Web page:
Gartner ITxpo

Prepare now for future changes in development teams' makeup

Get ready for big changes in application development teams as we know them. Greater emphasis on the quality of the user interface and frequent updates of mobile applications are just some of the forces driving changes in development team composition, according to James Duggan, vice president for research at Gartner Inc.

In ways, the present moment resembles earlier shifts in IT development paradigms, such as those in the '90s when IT moved from a focus on the mainframe and procedural languages such as American National Stardards Institute (ANSI)


In those days, developers had to be re-educated, and the re-education didn't always take. Some highly skilled developers didn't make the jump to object programming and new development team structures.

Big change may be due again. A point at issue, according to Duggan, is that most enterprise application development groups need new talent to effectively work to develop mobile applications or social media. "I don't find a lot of mobile skills in enterprises," he told an audience last month at Gartner's ITxpo in Orlando, Fla.

"There are a lot of new things you are going to have to train for. That is a situation we haven't been in for a decade or more," said Duggan. "We need to push people into new patterns."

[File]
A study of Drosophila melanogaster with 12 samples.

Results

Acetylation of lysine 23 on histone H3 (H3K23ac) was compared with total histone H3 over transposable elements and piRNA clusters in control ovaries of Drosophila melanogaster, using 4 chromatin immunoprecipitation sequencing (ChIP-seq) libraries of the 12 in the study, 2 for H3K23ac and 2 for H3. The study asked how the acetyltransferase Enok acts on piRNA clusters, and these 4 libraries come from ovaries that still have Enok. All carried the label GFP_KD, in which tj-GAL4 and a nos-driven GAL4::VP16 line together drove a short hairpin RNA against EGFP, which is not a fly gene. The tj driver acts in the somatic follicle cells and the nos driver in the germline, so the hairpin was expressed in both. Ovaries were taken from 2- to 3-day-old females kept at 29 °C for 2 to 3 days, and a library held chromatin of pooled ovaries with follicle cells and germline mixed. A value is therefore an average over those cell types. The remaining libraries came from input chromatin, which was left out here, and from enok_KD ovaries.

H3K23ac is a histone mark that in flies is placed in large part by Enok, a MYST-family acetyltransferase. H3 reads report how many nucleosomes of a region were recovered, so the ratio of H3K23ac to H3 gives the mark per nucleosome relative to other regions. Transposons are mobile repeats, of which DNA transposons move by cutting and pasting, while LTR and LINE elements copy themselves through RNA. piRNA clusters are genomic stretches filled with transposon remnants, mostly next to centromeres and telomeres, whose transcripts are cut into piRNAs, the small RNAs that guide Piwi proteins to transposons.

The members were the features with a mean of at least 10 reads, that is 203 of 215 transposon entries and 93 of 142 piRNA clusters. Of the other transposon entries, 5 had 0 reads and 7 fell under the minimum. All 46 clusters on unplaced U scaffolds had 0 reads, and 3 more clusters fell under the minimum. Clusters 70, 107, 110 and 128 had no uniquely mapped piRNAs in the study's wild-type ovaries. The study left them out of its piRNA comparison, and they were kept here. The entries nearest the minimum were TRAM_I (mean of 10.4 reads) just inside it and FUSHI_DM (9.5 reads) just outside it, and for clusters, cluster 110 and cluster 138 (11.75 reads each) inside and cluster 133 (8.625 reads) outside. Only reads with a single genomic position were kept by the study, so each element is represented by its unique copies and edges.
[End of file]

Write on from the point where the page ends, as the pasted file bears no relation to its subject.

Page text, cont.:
Mobile and social applications have expanded the user base and given more influence to selective consumers. That may hinder some developers.

"There are things like user experience that are dramatically new, and we are probably not going to master them," said Duggan. He said enterprises will often have to go outside the company to hire programmers skilled in user interface dynamics and will have to live with the fact that these programmers may leave for other companies after a while. He recommended team managers be sure to address the usability of applications at the design state -- not the build stage.

Changed application life cycles will likely require another round of analysis of legacy apps within organizations. He recommended that IT portfolio managers move aggressively to offload burdensome applicationsand drive out legacy inefficiencies in order to deal with the new types of applications.